With projected increased urban populations in the future, developing a sustainable urban mobility assumes a great importance. However, given the impact that the car has had socially and culturally, what are the prospects for a sustainable urban automobility?
At the root of this question is the notion that the private car isn’t going to go away, at least not any time soon. The autopoieisis of the system of automobility (Urry, 2004) has ingrained the car upon our landscape. For many, the car is also too convenient, too aspirational, and too desirable. Much has been written about the costs and impracticalities of low carbon vehicles, and the car; although the cultural and semiotic nature of the car means that it has always been more than just a means of transport, less is known about how socio-cultural mores regarding the car might impact upon the transition to low carbon motoring.
How we ‘consume’ the car as icon, avatar, cultural artefact and experience – whether as driver, passenger or pedestrian – is crucial in effecting a transition to a low carbon automobility because cars carry more than people; indeed it is precisely because they carry people that they can transcend their instrumental use, carrying experiences, meanings and feelings too (e.g. Sachs, 1992; Miller, 2001; Sheller, 2004; Steg, 2005) and, in doing so, cars can become more than just transport.
Yet, as Urry notes, the number of cars on the road globally is such that automobility can be regarded as “a modern day Leviathan” (2008: 265), at once threatening to consume us as “urban space … tends to be sliced up, degraded and destroyed” (Lefebvre, 1991: 359, in Sheller & Urry, 2000: 742) yet at the same time hinting at the hold that the allure of the motor car has over society. However, there is more to Urry’s Leviathan than traffic congestion, something else that ‘drives’ my research.
Such has been the ‘lock-in’ of the internal combustion engine (Black, 2006; Ivory & Genus, 2010), increasing emissions and air pollution is necessarily concomitant with a rise in automobility. The private car uses more energy and emits more greenhouse gases per passenger-kilometre than any other surface transport mode (Khan Ribeiro et al, 2007) and, in Europe, where road transport not only accounts for almost 75% of transport emission (EC, 2011a), it is claimed that the car alone is responsible for 12% of all CO2 emissions there (EC, 2011b).
Of course, there is more to transport emissions than CO2. We’ve all seen pictures of the Los Angeles haze and the Beijing smog and, from my own experience of walking down Oxford Road in Manchester, reportedly Europe’s busiest bus route, the localised air pollution from the petrol and/or diesel internal combustion engine (ICE) can be almost tangible. The transition from the horse to the automobile which may have resulted in a welcome reduction in the amount of dust and flies (Zierer, 1922) ultimately replaced one form of localised airborne irritants for another. Road transport vehicles are regarded as a major source of what are known as ‘criteria’ pollutants, such as carbon monoxide (CO), particulate matter (PM), nitrogen dioxide (NO2) and ozone (O3), with emissions of sulphur oxides (SOx) and volatile organic compounds (VOCs) also attributed to road transport, especially diesel vehicles (Lave and Griffin, 2008; Holmén and Niemeier, 2003).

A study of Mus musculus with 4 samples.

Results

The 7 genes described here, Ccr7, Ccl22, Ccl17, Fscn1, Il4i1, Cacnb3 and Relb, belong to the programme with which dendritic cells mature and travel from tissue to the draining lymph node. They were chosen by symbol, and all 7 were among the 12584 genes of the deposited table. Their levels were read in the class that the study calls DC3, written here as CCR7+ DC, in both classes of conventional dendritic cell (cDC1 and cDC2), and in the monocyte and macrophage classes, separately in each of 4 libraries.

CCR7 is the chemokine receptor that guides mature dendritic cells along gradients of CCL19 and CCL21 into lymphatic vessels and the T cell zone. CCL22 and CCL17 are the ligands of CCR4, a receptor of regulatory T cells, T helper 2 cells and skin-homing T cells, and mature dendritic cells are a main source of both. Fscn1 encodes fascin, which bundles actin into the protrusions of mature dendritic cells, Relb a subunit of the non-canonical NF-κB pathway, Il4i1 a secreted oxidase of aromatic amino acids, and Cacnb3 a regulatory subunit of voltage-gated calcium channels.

Crucial though CO2 emissions reduction undoubtedly is, the recent pursuit of low carbon vehicles has seemingly been made with little regard for these criteria pollutants, with – in the UK – vehicle excise duty-based incentives having been based upon official CO2 emissions EU figures collated from the NEDC (New European Driving Cycle) test (UN, 2011: 87-89; UK Government, 2014) resulting in increasing numbers of new diesel powered cars hitting the roads; indeed, half of new cars sold in the UK in 2014 were diesels, compared to their comprising of a third of the UK new car market a decade earlier (SMMT, 2015). Many motorists who thought they were doing the right thing in buying diesel cars emitting less CO2/km than their petrol counterparts now find themselves contributing to diminishing local air quality. A roll-out of hybrid and electric cars (or EVs) can do much to ameliorate this problem, although some critics say that they will still contribute to traffic congestion.
Autonomous automobility is a possibility in an urban future, with software companies such as Apple and Google exploring the prospect of ‘driverless’ cars, as are conventional automobile manufacturers. These cars can address inequalities of automobility in providing access to those disenfranchised, such as the elderly or disabled. They are also touted as a solution to congestion, though effecting this will necessitate the installation of all manner of surveillance technology (Urry, 2008) potentially constituting an “Orwellian panopticon” (ibid: 261) which could have implications for privacy and the ‘freedom’ that the car traditionally affords.
Urry duly notes that an autonomous automobility and its supporting infrastructure will change our relationship with the car. Similarly, adopting a low carbon automobility in a more conventional, privatised mien may provide the opportunity for the car to be ‘consumed’ differently. EVs provide a different experience of, and meaning to, how we present and perform – or affect – individual automobilities, and I wonder about the degree to which we are culturally ready to change ‘how’ we go from here. Can we change? Do we even want to? As a geographer and car enthusiast with an awareness of automotive environmental impacts, this is something which interests me greatly.
A sustainable urban automobility may be possible in the future. However, such is the autopoieitic nature of the system of automobility (Urry, 2004), who’s to say that the solution to the travails of urban automobility won’t be achieved very much on the car’s terms?